Thanks to the power of distributing computing, scientists studying protein folding have a petaflop of computing power at their disposal. Thatâ''s one quadrillion floating point equations per second; kind of like having three Blue Genes (the fastest supercomputer in the world) in the back room.
They hit that magic number yesterday. The project is run out of Stanford, but the call I got today to tell me the big news came from Sony. Because roughly 75 percent of those quadrillion flops are being contributed by Sony PlayStation3s.
Protein folding involves amino acid chains inside cells that, in a healthy organism, twist into unique, three-dimensional shapes. In certain disease processes, the folding goes wrong. Figuring out how and why folding goes wrong may help understand Alzheimerâ''s, Parkinsonâ''s, Mad Cow Disease, and some cancers. But the three-dimensional shapes are complex, and simulating them takes a lot of computing horsepower.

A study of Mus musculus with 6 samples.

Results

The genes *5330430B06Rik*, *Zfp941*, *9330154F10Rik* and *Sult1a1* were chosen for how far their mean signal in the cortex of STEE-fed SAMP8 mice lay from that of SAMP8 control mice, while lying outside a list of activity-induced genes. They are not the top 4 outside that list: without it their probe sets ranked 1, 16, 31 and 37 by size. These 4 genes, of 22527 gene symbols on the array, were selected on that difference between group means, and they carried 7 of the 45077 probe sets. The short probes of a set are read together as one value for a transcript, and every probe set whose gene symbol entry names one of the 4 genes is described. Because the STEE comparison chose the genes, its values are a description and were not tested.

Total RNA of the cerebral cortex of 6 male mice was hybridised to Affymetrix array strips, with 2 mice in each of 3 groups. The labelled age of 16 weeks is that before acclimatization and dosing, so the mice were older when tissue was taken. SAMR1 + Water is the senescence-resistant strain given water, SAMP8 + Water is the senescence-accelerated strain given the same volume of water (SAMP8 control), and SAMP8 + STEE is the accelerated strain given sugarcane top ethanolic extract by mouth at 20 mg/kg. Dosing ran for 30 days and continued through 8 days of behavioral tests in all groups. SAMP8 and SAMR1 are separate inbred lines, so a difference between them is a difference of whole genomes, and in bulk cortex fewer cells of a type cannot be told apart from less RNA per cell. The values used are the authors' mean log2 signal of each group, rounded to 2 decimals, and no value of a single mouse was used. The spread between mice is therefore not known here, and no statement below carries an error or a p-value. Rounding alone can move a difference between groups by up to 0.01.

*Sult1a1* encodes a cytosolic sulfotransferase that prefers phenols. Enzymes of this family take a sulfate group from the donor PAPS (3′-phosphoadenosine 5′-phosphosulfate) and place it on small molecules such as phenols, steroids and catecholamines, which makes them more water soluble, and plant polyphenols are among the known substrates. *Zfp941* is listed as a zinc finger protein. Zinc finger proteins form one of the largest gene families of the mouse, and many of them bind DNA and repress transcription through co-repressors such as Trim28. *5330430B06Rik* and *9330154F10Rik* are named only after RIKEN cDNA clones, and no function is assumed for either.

The Stanford-run project is tagged Folding@Home. Like the Search for Extraterrestrial Intelligence project, which pioneered the harnessing of idle cycles of personal computers volunteered for the effort, Folding@Home relies on a volunteer effort. In this case, volunteers register with the Folding@Home network and download the application. The application can run on demand or whenever the computer or game machine is idle.
Since the Folding@Home put out the call to PS3 owners last March, 600,000 have signed on, more than quadrupling the computing power available. Things like this give gamers a good name.